Like his ideas or not, Dan Lewis has returned to the Albuquerque City Council and he’s loaded for bear.
Councilor Lewis, who was recently chosen the council’s vice president after four years out of office, unveiled proposed legislation last week that would dramatically diminish the mayor’s powers during a public health emergency, lower the city’s gross receipts tax, prohibit the mayor from mandating vaccines for city employees and push to renegotiate the Court Approved Settlement Agreement with the U.S. Department of Justice.
Lewis’ proposals are a mixed bag. Cutting taxes and reopening the DOJ agreement are good ideas. But gutting the mayor’s abilities to protect the public are not.
• Lewis’ proposal, Ordinance-22-2, would strike existing mayoral authority to order the closure of streets, day cares and places of “mass assembly” like theaters and sports venues; to require retailers to set limits on how many “medical, health and sanitation” products they sell to one person per day; to order private employers to take precautions such as implementing full or partial closures; to cancel city-sponsored events; and to reallocate up to $1 million of city resources to combat the proclaimed emergency.
The city’s current Civil Emergency Powers ordinance gives the mayor the authority to issue proclamations in consultation with the City Office of Emergency Management and to assume “extraordinary powers.” Lewis’ proposal would limit the mayor’s powers to issuing “advisories or recommendations,” not public health orders.
The current law makes sense — a mayor needs to have the power to act quickly in times of emergency. And the current law correctly allows the council to step in and extend, terminate or amend the public health order, already limiting the mayor’s authority.
That is unlike the state’s emergency powers law, in which Gov. Michelle Lujan Grisham’s public health orders can be extended by the governor’s administration every 30 days and require no legislative approval or oversight.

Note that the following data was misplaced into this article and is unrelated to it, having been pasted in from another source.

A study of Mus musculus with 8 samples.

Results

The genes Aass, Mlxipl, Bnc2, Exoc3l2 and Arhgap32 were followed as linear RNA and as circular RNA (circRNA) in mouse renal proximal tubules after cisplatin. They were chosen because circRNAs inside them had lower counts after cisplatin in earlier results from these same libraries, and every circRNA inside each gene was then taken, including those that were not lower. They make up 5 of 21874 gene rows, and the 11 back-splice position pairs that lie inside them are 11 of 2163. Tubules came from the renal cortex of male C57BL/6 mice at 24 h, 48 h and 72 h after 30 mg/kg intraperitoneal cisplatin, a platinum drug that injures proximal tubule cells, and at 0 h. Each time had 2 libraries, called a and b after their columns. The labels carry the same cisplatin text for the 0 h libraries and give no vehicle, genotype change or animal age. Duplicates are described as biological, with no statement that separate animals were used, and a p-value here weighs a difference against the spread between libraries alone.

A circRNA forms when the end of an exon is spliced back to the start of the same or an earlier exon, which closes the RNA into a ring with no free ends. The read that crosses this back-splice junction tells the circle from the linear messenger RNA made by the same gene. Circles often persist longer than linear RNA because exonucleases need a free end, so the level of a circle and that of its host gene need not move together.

• Lewis also proposes to eliminate a tax hike Keller and the City Council implemented shortly after Keller took office in 2018. The 3/8 of 1% gross receipts tax increase implemented on July 1, 2018, was intended to boost spending on police and other public safety measures. The enabling legislation requires 60% of proceeds go to public safety, but that provision expired two years ago, although the Mayor’s Office says the tax still supports public safety programs.
Lewis is correct that repealing the tax hike would put money “back into the pockets of hard-working Albuquerque citizens.” The city’s current budget is $1.2 billion, which is $105 million, or 9.5%, over the previous fiscal year. Meanwhile, the city has received hundreds of millions of dollars of federal relief funds and inflation grows.
• In addition to the two proposed ordinances, Lewis has introduced a resolution that would direct the city to push to renegotiate the terms of its Court Approved Settlement Agreement with the U.S. Department of Justice. CASA was desperately needed given the high incidence of excessive use of force by Albuquerque police over the years, and there is still work to be done. But renegotiating CASA is overdue, especially in light of U.S. Attorney General Merrick Garland’s guidance that agreements cap monitor fees and go through a termination hearing after five years. An independent monitor has overseen the Albuquerque Police Department since 2015.
• Lewis has also introduced a resolution that would stop the city from mandating COVID-19 vaccines for city employees. The Journal Editorial Board supports Keller’s current policy mandating vaccinations or requiring employees to regularly provide proof of negative tests — as daily case counts hit record highs and hospitals implement crisis standards of care.
We endorsed Lewis last fall in part because of his commitment to ask hard questions and to provide a robust check and balance to the mayoral administration. He has done that, but two of his first shots are off the mark.
This editorial first appeared in the Albuquerque Journal. It was written by members of the editorial board and is unsigned as it represents the opinion of the newspaper rather than the writers.